That’s why I was surprised to find an elusive moment of harmony on Twitter (of all places) this past weekend.

It was a simple photo of eight well-dressed individuals, smiling and relaxed as if it were a meeting of old friends. In it, two political parties are represented. There are four presidents: a father and son duo, former governors and the first black man to hold the office. There is an immigrant, as well as the first female presidential nominee of a major party and a librarian who, like her late mother-in-law, has worked to increase literacy rates among children. One of these people returned to the United States a war hero; another grew up on the South Side of Chicago.

It is the now-viral photo of former presidents and first ladies coming together at Barbara Bush’s funeral. The photographer, Paul Morse, who worked in the George H.W. Bush White House, said, “It was very natural and not forced at all. They were very happy to do (the picture).”

This is a photo where a defining characteristic of our great republic, the peaceful transition of power, meets the people assuming our elected offices. Labels aside, this select group had come together to honor the passing of one of their own.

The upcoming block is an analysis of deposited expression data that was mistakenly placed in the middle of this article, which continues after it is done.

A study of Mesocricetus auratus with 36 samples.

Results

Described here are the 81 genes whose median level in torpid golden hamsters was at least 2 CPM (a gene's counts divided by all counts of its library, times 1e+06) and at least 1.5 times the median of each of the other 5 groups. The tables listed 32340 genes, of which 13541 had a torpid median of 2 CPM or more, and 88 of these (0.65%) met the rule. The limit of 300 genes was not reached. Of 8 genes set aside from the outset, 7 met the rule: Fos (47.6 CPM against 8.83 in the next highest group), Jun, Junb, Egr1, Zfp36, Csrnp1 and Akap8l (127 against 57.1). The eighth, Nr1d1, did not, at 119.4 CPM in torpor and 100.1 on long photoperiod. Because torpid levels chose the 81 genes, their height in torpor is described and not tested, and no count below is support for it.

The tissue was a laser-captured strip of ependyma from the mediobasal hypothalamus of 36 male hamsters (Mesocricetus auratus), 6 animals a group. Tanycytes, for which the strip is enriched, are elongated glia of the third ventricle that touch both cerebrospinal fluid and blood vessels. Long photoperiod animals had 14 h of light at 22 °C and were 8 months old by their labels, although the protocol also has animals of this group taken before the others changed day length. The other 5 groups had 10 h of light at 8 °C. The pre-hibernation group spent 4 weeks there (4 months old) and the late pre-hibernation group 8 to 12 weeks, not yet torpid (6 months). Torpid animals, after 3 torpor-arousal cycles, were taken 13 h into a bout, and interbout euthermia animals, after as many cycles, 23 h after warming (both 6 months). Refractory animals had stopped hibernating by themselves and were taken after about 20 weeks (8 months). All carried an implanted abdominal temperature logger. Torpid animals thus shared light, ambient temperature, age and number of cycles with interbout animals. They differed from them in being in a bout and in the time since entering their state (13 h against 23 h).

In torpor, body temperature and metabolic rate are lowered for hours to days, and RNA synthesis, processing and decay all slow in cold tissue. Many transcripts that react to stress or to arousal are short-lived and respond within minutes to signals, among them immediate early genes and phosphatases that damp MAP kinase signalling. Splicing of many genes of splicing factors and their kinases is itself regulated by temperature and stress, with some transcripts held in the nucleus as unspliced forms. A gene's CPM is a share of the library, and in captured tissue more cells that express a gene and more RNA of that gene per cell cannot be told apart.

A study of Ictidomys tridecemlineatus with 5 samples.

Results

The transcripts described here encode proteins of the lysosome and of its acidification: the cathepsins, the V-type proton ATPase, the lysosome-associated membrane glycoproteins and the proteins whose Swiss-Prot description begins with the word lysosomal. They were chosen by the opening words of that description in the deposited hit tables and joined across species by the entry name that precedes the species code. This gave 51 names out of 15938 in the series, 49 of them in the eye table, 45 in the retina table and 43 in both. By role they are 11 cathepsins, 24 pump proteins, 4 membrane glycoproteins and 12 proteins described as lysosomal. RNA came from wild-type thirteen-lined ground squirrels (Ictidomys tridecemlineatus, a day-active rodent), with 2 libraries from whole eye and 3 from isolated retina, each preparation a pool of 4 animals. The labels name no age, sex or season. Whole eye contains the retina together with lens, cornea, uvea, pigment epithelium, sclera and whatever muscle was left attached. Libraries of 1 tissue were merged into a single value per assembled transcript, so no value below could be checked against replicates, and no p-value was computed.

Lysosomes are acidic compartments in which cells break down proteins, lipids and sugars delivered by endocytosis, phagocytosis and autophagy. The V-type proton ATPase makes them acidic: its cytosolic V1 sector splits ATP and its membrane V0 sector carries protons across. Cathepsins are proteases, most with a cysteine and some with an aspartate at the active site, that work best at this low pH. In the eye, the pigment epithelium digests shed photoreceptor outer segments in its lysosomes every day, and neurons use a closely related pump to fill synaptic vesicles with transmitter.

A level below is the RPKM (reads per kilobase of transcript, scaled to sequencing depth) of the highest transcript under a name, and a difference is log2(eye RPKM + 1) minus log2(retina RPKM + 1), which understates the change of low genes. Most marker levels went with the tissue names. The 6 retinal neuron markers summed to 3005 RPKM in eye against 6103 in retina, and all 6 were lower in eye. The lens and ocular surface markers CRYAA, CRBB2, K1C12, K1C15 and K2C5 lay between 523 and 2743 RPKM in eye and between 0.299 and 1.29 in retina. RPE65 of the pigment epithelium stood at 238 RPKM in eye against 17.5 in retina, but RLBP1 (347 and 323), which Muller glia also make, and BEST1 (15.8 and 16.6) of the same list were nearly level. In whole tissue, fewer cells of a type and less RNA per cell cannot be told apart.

“Refreshing. Inspiring. To see in a time of great loss, politics and agendas can take a back seat to respect,” one Twitter user remarked. Another said, “There’s a civility and rare understanding that exists among former Presidents and First Ladies regardless of politics.”

It is encouraging to see a unique respect that transcends political lines, geographic origins and mother tongues. Something in coming together and recognizing the humanity in one another allows me to take a step back from the polarization of the current political climate. So, next time I am tempted to fire back a bellicose reply on Twitter or stoke the flames of partisan politics, I hope to remember the grace shown by our former presidents and first ladies: you can hold steadfast beliefs and defend them, all while respecting the person on the other side.

It can be difficult to recognize another person’s humanity from the other side of a computer screen. But it is heartening to know that these men and women, who have been at the center of some of the most polarizing debates of our time and have held some of the nation’s highest offices, are willing to put aside their differences to see each other as humans instead of political entities.

As the late former first lady Barbara Bush put it so well: “Never lose sight of the fact that the most important yardstick of your success will be how you treat other people — your family, friends, and coworkers, and even strangers you meet along the way.”

Dylan Gresik is a Medill sophomore. He can be contacted at If you would like to respond publicly to this op-ed, send a Letter to the Editor to The views expressed in this piece do not necessarily reflect the views of all staff members of The Daily Northwestern.